August 08, 1993|RICK HOLGUIN | TIMES STAFF WRITER

LONG BEACH — Officials have given the Queen Mary's free admission policy a burial at sea because too many people have been spending too little money when they visit the historic ocean liner.

Looky-loos push up security and maintenance expenses, said Joseph F. Prevratil, president of the RMS Foundation Inc., the nonprofit foundation that runs the city-owned ship.

Ship officials last week began charging $5 admission for adults and $3 for children 4 and older.

"We expect it will generate at least 10% to 15% more (income)," he said.

The admission charge is a minimum spending limit, he said. Visitors will receive "Queen Mary dollars" equal to the admission charge that can be spent at some of the ship's restaurants and on its tours and children's rides.

Prevratil and RMS took over the Queen Mary after the previous operator, the Walt Disney Co., decided last year not to renew its lease. Disney, which charged as much as $17.95 for admission, lost money on the ship for years.

RMS eliminated the admission charge with the hope that visitors would flood the ship and spend enough money at its restaurants, shops and other attractions to keep the Queen Mary afloat.

The crowds have not disappointed--about 300,000 people have boarded the ship since its June 23 grand opening. But many visitors are simply strolling the Queen Mary's wooden decks while keeping their wallets in their pockets, Prevratil said.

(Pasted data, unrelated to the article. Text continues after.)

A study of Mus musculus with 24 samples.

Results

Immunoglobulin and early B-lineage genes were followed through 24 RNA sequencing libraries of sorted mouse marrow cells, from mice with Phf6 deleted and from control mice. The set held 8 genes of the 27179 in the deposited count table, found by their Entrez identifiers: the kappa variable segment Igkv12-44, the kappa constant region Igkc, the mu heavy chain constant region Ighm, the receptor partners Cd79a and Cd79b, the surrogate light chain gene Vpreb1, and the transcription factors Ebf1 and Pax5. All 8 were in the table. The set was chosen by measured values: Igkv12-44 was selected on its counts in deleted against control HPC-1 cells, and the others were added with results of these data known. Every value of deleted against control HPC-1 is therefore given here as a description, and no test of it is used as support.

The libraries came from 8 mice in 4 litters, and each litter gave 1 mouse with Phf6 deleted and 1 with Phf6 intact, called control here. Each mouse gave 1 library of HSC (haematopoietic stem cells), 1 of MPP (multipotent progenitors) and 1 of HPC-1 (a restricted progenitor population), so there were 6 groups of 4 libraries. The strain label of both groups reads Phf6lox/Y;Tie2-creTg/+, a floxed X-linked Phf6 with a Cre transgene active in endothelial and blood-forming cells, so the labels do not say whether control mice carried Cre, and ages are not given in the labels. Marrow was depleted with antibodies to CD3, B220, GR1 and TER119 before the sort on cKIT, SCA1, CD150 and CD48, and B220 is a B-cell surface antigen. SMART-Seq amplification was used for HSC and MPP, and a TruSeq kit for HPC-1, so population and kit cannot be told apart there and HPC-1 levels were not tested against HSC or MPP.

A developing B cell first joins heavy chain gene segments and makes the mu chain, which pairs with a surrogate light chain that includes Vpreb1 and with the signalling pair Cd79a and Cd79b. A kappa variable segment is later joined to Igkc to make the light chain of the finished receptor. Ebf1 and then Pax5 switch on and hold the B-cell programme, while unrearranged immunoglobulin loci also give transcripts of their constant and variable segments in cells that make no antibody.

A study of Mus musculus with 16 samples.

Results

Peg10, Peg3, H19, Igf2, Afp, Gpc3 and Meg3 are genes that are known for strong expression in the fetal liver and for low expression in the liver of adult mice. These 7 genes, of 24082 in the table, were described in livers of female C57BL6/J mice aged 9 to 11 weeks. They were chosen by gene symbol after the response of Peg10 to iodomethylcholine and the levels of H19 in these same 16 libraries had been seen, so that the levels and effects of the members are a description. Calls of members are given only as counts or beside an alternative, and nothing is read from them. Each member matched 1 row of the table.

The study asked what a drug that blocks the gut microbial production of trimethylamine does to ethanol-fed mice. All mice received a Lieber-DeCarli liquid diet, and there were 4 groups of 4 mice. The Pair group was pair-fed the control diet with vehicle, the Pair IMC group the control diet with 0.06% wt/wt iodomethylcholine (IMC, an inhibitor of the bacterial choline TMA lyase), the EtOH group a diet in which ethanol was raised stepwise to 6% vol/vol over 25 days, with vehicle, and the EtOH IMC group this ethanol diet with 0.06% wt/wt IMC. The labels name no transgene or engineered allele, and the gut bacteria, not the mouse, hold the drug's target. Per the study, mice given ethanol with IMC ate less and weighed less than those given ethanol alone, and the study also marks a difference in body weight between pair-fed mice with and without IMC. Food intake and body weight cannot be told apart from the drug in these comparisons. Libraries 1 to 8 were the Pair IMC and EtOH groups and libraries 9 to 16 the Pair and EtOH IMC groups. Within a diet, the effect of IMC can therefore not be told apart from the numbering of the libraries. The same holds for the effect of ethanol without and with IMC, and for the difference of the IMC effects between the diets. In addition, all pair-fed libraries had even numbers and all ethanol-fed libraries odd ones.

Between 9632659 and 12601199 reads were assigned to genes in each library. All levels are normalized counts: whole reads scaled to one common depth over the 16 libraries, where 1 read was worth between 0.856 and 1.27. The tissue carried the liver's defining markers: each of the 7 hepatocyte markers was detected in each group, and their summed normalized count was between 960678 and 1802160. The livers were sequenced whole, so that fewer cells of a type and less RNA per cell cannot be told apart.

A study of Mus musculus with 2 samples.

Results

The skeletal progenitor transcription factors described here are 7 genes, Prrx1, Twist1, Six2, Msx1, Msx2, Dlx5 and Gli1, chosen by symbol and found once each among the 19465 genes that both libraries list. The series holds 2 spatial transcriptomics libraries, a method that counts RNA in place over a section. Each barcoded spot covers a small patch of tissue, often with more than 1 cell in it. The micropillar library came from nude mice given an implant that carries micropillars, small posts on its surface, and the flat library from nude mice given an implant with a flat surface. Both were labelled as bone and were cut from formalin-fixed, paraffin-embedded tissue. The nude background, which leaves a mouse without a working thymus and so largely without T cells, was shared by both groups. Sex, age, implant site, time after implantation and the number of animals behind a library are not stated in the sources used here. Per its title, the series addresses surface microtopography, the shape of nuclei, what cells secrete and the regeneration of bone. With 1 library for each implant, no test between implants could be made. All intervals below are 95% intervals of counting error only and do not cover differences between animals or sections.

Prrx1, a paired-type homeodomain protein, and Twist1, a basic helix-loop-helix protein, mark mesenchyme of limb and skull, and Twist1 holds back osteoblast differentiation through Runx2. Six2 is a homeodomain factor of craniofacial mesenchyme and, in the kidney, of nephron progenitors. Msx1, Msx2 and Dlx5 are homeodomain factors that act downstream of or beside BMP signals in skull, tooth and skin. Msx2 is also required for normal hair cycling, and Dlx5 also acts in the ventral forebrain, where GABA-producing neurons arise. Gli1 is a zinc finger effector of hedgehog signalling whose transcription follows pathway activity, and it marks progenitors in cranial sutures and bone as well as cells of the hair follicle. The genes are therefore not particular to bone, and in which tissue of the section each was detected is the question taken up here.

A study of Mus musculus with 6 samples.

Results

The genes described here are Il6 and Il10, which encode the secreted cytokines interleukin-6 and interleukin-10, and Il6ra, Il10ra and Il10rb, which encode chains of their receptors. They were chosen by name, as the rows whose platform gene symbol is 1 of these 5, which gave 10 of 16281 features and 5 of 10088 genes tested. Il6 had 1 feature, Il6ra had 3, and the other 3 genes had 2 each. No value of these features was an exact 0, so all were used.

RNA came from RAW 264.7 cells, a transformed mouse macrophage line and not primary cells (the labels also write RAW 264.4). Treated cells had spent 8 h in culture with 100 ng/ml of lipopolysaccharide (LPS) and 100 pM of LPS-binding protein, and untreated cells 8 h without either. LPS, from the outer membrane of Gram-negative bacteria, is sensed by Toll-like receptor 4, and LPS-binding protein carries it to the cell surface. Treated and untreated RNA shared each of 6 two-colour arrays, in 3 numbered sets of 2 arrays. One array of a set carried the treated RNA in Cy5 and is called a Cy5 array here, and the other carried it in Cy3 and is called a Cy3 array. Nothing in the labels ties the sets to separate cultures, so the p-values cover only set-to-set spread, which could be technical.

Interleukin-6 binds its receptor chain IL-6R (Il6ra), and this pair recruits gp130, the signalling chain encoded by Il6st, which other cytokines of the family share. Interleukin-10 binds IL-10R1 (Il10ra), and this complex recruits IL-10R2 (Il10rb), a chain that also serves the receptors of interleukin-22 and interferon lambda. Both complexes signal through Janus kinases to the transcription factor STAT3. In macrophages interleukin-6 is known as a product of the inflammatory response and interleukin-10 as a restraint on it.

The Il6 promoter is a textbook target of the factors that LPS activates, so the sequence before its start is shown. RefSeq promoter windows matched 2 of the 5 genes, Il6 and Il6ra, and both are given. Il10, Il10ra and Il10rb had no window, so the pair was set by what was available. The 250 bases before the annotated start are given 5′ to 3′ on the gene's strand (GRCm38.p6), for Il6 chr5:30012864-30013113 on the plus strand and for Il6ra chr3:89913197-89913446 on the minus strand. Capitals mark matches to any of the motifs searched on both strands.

RMS has had to hire about 100 more employees to handle the crowds, he said. The ship also suffers wear and tear, requiring more long-term maintenance.

Prevratil called the move precautionary and not a reaction to a financial crisis.

"The success of the Queen Mary, in one way, has dictated this," he said. "It also proves that in these recessionary times people just don't have enough to spend."

City officials are watching the situation but are not alarmed about the financial viability of the ship.

"We figured he would have to charge something eventually," said city spokeswoman Joan Caterino.

Prevratil said RMS has spent nearly all of the $2 million donated by local philanthropist Robert Gumbiner to reopen the ship. But since the grand opening, the Queen Mary has generated more than $2 million in gross revenues and is operating in the black, he said.

RMS officials hope the ship can generate enough revenue in the busy summer season to weather the traditionally slower winter. They also plan a national fund-raising campaign to generate money to restore and maintain the ship.